Thanks to the thorough reporting of colleague Lisa Vorderbrueggen in Sunday's newspaper, Bay Area residents can rest safe in the knowledge that experts think the new Bay Bridge is sort-of, kind-of, more-or-less built to withstand a big earthquake.
OK, there's one proviso.
"There are no guarantees in earthquakes," Caltrans principal bridge engineer Brian Maroney told her. "We are going to have damage."
But really, what do you expect for $6.4 billion?
For all of the "Three Stooges" episodes I watched in a misspent youth, I can't recall Moe, Larry and Curly ever building a bridge. But if they had, it might have gone a lot like the new span connecting Oakland and Treasure Island.
Endless revisions? Check.
Eye-bulging mistakes? Right!
Inexcusable delays? Natch.
Huge cost overruns? Certainly!
There have been questions about the stability of the concrete in a suspension tower, defects in some of the welds, microscopic cracks in Chinese-manufactured steel decks and a crane toppling into the bay, none of which touches on the most recent controversy.
That would be the 32 hydrogen-embrittled steel anchor rods used in seismic stabilizers that were galvanized -- disregarding Caltrans' own protocol -- and then, surprise, cracked when bolts were tightened.
You can almost see Moe pulling out Larry's hair over that one.
It would be troubling enough to have to replace the rods, but inasmuch as they are anchored in concrete that isn't possible. The newest revision in an ever-changing plan is a workaround -- custom-designed saddle supports, manufactured and installed at a cost of as much as $10 million.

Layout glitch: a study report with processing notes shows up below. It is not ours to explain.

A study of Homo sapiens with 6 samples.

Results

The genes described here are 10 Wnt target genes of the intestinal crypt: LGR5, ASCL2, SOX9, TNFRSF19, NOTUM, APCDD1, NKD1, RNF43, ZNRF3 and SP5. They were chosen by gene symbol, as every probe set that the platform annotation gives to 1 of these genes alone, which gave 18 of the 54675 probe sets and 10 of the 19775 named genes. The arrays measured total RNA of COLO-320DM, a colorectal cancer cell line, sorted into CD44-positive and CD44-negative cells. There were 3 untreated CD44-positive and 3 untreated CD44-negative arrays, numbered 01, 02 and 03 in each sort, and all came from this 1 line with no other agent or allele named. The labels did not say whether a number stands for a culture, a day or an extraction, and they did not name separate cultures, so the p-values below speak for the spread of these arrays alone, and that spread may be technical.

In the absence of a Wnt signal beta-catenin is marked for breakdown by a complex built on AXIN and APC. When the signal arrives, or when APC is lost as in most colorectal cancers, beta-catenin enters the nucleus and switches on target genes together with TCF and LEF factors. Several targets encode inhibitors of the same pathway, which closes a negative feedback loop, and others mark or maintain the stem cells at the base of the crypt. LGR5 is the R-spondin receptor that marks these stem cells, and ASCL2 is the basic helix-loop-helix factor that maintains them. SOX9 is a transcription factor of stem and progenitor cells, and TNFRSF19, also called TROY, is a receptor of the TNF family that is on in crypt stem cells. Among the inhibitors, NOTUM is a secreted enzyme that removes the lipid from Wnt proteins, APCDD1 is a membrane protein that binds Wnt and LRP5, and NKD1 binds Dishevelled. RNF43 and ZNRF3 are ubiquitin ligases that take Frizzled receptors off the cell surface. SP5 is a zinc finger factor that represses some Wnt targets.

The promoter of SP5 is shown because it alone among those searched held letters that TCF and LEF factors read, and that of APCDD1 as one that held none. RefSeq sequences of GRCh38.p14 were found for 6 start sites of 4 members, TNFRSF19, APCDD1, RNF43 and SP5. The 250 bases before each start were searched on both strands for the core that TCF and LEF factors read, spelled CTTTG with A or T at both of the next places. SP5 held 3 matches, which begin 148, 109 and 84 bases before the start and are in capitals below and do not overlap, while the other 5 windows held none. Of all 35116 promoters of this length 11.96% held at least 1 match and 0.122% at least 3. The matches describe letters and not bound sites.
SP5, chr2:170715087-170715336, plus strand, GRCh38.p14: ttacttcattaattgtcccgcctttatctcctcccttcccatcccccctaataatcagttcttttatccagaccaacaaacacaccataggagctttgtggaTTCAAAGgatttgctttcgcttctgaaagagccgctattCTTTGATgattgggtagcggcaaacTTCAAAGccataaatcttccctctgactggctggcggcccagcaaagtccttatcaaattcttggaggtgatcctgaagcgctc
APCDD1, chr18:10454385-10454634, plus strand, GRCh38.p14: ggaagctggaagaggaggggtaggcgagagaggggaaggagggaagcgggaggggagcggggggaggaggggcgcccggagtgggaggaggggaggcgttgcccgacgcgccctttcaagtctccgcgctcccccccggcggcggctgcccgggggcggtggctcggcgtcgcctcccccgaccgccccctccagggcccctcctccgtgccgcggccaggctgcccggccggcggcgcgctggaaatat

What's $10 million at this point?
It was intriguing to read last week -- again, courtesy of Lisa V. -- that Caltrans and private engineers deliberated for three full months in 2003 before arriving at the precise corrosion-prevention treatment that now is blamed for causing the rods to fail. If they had given it any deeper thought, the whole eastern span might have washed out to sea by now.
You can tell this is a monumental clusterfutz when even loquacious Gov. Jerry Brown is left grasping for words -- and then rethinking them. His initial reaction: "I mean, look, (stuff) happens." Two weeks later: "It's a pretty big issue. I drive over that bridge, too."
The way the weeks, months and mistakes have flown by, it's hard to believe only 24 years have passed since California leaders decided a Bay Bridge upgrade was imperative. The 1989 Loma Prieta earthquake that shook loose a section of the upper deck and resulted in a motorist's death set into motion the most second-guessed, re-envisioned and expensive infrastructure project in state history.
A retrofit became a rebuild, which became a redesign, which became fodder for arguments for years to come.
The big question now is whether the bridge will be completed by Labor Day weekend, when a publicly funded, $5 million celebration is supposed to make us forget all the missteps that put it a decade behind schedule.
Labor Day was selected, in part, because it seemed such an appropriate holiday. But if that doesn't work, I have another idea.
How about April Fool's Day?
Contact Tom Barnidge at firstname.lastname@example.org.